By Neha Bora
Most films in Bollywood are a retelling of previous stories and this might not always be a bad thing except when you aren’t able to tell it well, like in ‘Laal Kaptaan’. Keep on reading the article till the end film review laal kaptaan to know whether filmi files give this movie yay or nay.
‘Laal Kaptaan’ is set in pre-independent India in Bundelkhand. It is the story of one Naga Sadhu referred to as ‘Gossain’ throughout the film, who is an assassin/bounty hunter in the quest of revenge on a mysterious man for a mysterious reason.
The story is so stretched out that despite the great number of beautifully shot fight sequences, a magical ‘Calypso’ reminiscent witch and her prophecy, and the philosophical musings of a deep voiced Sadhu, one wonders what the story wants to get at and if ever it will get there. The basic storyline is simple, and the characters are written beautifully but the thread connecting these vast themes is very fragile almost frayed in several places.
Writers Deepak Venkatesha and Navdeep Singh leave a lot of characters in the film unnamed, we walk out of the cinema hall without finding out what they were called and this initially adds to the intrigue only to become obsolete later on. Another very beautiful aspect of the film is how it treats time. One not only does it talk about the vastness of time and a human beings’ short duration in it, it also conveys time as such in the story.
You are convinced that such a time and space existed surrounding such a man as played by Saif Ali Khan. The story has the element of the Indian Struggle against the British. It also has the deals with the macabre with ideas of ‘kaal’ and its ‘bhainsa’ prevalent throughout the story yet, these are tropes that could not be used effectively.
The support of the cinematography, sound, color and design is spot-on. There is nothing half done or hastily put together in it. The great barren lands and rocky paths of Bundelkhand are set against the colors of dirt, blood and ash. They are fore grounded by the haunting music and background score.
You can feel the strength of Gossain’s wrath with every beat of ‘kaal kaal’, the manic dance of Khan and Dobriyal is well set against a burning pyre as ‘Taandav’ plays on. The rest of the soundtrack is essentially haunting and angry but it isn’t a soundtrack that will give you goosebumps.
The film relied too much on the intrigue that surrounds Sadhus, it tried to exploit the ‘chillum’, the ‘ash’, the ‘dreadlocks’ without actually committing to the idea and instead made Saif Ali Khan only a tokenistic Sadhu. Death is often spoken of without there being any exploration of death or mortality.
Saif’s character does not manage to become the ‘Yamaraj’ that the trailer promised us. He is, in fact, only a Sadhu because making him a common soldier in search of revenge, would take away the aesthetics of the films that is the major or only reason for the audiences to go to the theatre.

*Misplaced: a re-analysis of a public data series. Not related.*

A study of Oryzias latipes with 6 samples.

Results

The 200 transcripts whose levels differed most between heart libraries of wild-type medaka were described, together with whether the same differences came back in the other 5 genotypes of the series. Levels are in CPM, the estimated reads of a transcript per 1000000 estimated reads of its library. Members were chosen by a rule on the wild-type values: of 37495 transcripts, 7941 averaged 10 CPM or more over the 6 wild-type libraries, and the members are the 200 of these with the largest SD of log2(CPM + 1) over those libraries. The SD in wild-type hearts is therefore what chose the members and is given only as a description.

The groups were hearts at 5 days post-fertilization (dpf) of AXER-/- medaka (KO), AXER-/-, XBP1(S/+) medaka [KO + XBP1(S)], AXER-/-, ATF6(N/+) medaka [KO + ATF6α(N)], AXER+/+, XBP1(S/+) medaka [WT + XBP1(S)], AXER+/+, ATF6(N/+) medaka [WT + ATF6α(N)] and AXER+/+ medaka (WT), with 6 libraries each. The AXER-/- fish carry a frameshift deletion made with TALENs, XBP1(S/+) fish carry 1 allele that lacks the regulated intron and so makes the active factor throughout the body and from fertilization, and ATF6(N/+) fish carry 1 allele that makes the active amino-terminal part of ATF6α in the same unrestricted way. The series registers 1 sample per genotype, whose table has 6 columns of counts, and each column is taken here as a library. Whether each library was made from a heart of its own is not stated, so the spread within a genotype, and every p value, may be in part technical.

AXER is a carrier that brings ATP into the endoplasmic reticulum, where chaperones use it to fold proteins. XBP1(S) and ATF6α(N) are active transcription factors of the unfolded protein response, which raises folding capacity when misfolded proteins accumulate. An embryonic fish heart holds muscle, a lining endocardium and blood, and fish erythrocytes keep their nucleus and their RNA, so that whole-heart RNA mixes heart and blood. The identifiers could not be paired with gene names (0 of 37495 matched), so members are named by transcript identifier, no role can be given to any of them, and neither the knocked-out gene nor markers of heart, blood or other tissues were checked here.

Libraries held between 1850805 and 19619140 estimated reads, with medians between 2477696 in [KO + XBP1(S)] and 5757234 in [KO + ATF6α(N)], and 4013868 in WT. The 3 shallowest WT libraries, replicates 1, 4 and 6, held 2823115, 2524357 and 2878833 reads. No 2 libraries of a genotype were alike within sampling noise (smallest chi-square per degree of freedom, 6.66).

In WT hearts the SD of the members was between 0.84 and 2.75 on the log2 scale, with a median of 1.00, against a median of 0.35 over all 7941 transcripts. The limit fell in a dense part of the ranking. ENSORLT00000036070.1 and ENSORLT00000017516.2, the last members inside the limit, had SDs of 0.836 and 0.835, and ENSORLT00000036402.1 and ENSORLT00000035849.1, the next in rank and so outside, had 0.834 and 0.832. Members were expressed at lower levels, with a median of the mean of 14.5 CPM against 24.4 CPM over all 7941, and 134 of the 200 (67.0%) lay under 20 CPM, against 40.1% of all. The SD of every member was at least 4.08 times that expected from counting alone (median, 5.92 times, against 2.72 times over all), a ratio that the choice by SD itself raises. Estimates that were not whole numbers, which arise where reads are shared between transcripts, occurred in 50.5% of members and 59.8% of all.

The costumes and make-up become an essential part of any period drama and therefore it was essential that the costumes of the characters also convey the time and mood of the film. Maxima Basu does a wonderful job of this in the film. Gossain is Gossain partly because he looks like Gossain. The wrath of the Sadhu are almost wrapped into the folds of his red turban. Deepak Dobriyal character could not have been given a better costume, right from his cloth laden shoes, to his three cornered hat, he looks every bit as queer as his character demanded. Zoya Hussain is left barren and dark as the life she leads.
To talk about ‘Laal Kaptaan’ without talking about the phenomenal acting performances would be ignoring the one element that worked in favor of the film. Saif Ali Khan was said to have worked very hard for the film and this hard work showed. He was brooding, angry and patient as and when required. He spends almost the entire film covered in dirt and ash and paint and doesn’t seem t flinch away from these aspects of his character once.
Deepak Dobriyal brings comedy into the stationary mode of the film without breaking character and he is very convincing as the sniffer human who lives with his two dogs, picks up horse dung and apes the ‘how do do!’ of the British people. I find it hard to believe that anyone else could have done it better. Zoya Hussain portrays the lost and intelligent woman well but appears single-toned throughout the length of the film.
Manav Vij doesn’t work in either portraying the inhuman or portraying the angry. He seems to sulk and Simone Singh playing his rebellious wife seems to have the upper hand in the chemistry and marriage. Aamir Bashir is just about there without doing much for the film. Filmi Files is the best place to check out the latest tinsel town happenings.